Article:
The Super Bowl in Minnesota may be an exciting event for the state’s governor, but it’s also an expensive one.

Mark Dayton had to scour the internet for a four-figure ticket just like everyone else.

An aide to Dayton said the second-term DFL governor paid an internet broker $6,000 for his Super Bowl ticket, which will feature the New England Patriots against the Philadelphia Eagles.

“Well, I’m going to go — with less enthusiasm than I hoped for,” Dayton said at a Wednesday news conference, nodding to the Vikings’ 38-7 loss to the Eagles Sunday.

Dayton said he was “on my knees praying” that the weekend of the Feb. 4 Super Bowl does not feature the kind of torrential snowfall that hit the Twin Cities Monday.

“I’m going to do everything I can to be a good host,” said Dayton, who will attend the game with his two sons.

The Vikings stadium will be a key legacy of Dayton’s when he leaves office at the end of the year. He signed legislation that provided almost $500 million of the $1.1 billion cost of its construction, which he said at the time would be the “people’s stadium.”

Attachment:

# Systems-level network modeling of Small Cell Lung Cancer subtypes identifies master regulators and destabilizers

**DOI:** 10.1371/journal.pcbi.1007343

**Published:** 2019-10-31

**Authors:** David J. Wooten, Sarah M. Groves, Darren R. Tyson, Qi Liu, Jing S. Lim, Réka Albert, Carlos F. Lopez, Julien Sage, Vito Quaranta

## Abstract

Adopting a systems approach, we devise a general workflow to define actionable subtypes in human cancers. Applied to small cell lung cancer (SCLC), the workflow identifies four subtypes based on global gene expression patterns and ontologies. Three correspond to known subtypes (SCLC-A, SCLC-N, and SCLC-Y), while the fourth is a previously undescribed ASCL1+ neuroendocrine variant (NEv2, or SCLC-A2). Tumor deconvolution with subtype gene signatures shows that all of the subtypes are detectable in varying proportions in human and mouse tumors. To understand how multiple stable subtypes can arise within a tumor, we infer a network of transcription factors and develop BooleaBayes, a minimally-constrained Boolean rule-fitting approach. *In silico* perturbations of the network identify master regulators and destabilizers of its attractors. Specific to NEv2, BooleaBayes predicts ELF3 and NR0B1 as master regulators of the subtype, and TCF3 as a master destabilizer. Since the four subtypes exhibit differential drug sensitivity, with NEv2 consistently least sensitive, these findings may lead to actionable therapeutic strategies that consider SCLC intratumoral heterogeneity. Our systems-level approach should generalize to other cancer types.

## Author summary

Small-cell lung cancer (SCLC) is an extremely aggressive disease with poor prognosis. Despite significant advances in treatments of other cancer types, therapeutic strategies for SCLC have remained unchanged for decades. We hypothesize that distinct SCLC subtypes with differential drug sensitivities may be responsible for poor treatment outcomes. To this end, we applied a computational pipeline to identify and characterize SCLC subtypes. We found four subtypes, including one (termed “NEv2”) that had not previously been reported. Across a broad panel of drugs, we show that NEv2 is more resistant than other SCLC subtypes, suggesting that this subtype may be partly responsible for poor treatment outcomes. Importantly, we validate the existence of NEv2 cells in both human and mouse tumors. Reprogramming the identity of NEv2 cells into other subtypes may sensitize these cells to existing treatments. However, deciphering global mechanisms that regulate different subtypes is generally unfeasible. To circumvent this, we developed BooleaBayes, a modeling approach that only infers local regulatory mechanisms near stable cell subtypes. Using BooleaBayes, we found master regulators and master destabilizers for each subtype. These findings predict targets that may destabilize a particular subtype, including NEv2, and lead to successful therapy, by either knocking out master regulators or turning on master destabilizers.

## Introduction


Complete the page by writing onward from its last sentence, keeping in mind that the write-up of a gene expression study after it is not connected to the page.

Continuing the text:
But the stadium legacy has been mixed. The Dayton administration faced an ongoing political headache in late 2016 and during the 2017 legislative session after the Star Tribune revealed that government appointees who oversee the stadium got free tickets to two lower-level luxury suites for all events held there. The board of appointees handed over the suites to the stadium’s operator in July.

Dayton, who is not known for ostentatious shows of wealth, has family money from the eponymous department store chain and Target, although the family no longer has ties to the company.